Tuesday, November 1, 2005

My inner photojournalist


By Jason Broekhuizen

It all started with a submarine. The inscription read, "My first photograph. Submarine. Plymouth docks." I discovered it while flipping through a school autobiography project dating back some 20-odd years, buried among pictures of particularly hirsute family members and many yards of trouser fabric.

"This evolved into a rather sophisticated 'friends-doing-stupid-stuff' period."

In reality, what the picture captured was more like half a submarine -- and not the pretty half either. I managed to get a whole ship in the next shot, along with the backs of several heads. This early, slightly avant-garde foray into travel photography may have offered little to those interested in the naval exhibits of Plymouth Docks, but aficionados of '70s hairstyles were in luck.

The wilderness years

Tragically, my early photographic promise was left to wither for some time. I passed into the "in-front-of" years, when my family subscribed to the philosophy that any scenic view was greatly enhanced by sticking a couple of children in the foreground. This evolved into a rather sophisticated "friends-doing-stupid-stuff" period, when shots of classic landmarks invariably featured my grinning acquaintances holding things in a suggestive manner. Man, was I cultured.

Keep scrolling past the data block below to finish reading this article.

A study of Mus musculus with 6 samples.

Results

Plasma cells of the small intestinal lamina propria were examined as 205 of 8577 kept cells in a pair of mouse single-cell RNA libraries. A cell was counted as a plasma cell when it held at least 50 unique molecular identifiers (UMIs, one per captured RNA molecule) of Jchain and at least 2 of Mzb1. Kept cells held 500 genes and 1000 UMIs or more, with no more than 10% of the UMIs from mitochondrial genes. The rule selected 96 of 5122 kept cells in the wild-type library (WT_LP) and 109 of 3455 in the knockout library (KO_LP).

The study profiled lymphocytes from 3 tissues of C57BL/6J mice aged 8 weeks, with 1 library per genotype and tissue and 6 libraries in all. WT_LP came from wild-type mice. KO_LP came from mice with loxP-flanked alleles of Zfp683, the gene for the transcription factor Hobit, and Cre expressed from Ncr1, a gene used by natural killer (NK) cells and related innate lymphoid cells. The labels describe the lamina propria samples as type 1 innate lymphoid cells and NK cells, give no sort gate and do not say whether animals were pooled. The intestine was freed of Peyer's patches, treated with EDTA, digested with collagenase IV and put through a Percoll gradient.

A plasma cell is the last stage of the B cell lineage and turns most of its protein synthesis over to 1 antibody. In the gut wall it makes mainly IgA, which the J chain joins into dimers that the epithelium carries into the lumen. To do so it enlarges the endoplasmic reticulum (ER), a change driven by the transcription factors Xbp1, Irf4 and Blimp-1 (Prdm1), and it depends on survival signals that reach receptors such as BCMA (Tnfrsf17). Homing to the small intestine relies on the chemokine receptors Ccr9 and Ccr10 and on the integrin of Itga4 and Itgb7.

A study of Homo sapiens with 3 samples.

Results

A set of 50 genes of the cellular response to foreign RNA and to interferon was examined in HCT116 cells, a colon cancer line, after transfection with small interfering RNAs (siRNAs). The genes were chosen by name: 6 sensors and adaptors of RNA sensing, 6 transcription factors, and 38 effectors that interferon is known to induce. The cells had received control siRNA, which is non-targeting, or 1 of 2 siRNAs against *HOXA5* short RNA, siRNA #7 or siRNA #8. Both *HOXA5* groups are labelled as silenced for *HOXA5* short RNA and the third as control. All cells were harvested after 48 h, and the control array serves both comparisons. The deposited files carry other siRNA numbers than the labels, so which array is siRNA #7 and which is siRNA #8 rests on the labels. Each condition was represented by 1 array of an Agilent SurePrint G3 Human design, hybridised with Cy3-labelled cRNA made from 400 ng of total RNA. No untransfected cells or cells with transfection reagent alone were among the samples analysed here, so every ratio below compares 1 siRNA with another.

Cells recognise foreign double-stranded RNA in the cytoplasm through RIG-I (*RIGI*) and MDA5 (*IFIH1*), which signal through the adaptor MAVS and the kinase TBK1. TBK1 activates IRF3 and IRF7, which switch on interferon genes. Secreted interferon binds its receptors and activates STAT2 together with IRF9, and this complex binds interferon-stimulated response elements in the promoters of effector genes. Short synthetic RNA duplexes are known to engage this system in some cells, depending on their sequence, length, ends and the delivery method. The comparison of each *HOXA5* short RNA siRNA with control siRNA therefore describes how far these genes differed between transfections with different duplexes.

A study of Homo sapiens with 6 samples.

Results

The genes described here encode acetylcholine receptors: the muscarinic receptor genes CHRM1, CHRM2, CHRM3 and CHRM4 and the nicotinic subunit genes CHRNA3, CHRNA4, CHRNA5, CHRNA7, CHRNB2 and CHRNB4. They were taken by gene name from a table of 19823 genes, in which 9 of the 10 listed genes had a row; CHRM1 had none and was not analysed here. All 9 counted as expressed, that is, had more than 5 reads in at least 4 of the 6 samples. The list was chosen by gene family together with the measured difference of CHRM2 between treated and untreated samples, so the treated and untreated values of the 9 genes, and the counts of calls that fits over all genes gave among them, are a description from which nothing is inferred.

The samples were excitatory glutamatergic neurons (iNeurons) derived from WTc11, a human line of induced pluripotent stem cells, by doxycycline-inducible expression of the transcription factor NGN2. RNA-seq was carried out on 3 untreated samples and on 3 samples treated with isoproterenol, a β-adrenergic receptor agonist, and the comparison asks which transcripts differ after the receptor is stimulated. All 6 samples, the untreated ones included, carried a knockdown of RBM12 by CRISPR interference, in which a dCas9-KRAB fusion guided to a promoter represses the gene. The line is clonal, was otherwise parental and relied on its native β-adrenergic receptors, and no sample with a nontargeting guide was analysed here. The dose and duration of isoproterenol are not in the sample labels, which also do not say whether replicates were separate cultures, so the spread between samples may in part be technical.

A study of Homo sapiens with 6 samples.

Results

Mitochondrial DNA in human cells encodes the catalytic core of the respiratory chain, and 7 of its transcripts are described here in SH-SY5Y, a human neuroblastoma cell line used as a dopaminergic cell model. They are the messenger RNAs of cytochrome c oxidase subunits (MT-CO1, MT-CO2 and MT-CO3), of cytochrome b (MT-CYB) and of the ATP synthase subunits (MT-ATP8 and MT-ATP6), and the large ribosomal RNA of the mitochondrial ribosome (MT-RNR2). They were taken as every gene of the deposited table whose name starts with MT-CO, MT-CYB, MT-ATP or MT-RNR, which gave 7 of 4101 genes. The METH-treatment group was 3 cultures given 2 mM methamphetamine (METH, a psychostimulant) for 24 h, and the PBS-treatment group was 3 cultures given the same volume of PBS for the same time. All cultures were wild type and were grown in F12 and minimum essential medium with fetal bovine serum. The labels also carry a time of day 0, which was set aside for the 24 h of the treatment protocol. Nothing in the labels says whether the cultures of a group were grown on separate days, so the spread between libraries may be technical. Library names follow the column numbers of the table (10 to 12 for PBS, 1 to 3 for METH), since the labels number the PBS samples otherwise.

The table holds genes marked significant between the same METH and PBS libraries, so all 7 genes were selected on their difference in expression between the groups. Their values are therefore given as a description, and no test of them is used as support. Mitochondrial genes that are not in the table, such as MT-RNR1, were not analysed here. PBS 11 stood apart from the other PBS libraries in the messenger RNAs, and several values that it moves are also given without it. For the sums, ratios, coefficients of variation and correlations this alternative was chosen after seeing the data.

It wasn't until I visited the United Arab Emirates in my early twenties that my perspective began to change. I wasn't a well-traveled youth; a couple of family beach holidays were the sum total of my international sojourns. This was my first trip to somewhere so distinctly foreign.

For the first time, I set about creating a record of a place I might never see again and would struggle to describe upon my return. I took shots of Arabic script nailed to broken signs and captured views from across Dubai's creek of ramshackle wooden dhows lined up in front of skyscrapers, all to portray the contrasts between wealth and tradition that struck me so forcefully. Of course, everyone back home preferred the photo of my brother-in-law sticking his tongue out, but I knew where I was going.

The gradual shift from holiday snapper to travel photographer continued (in my own head, at least) with a trip to Poland in the early '90s. There is nothing like journeying into the unknown to bring out the pretentious adventurer in a man. Warsaw, Krakow, and their surroundings provided ample opportunities to document the country's emergence from years of austerity.

My pictures from that trip reflect an eclectic experience; an appreciation of Renaissance courtyards found in the Jagellonian University and the Wawel is evident, along with obsessive photographic studies of Polish pinball, Zywiec beer, and Eastern European soccer stadia.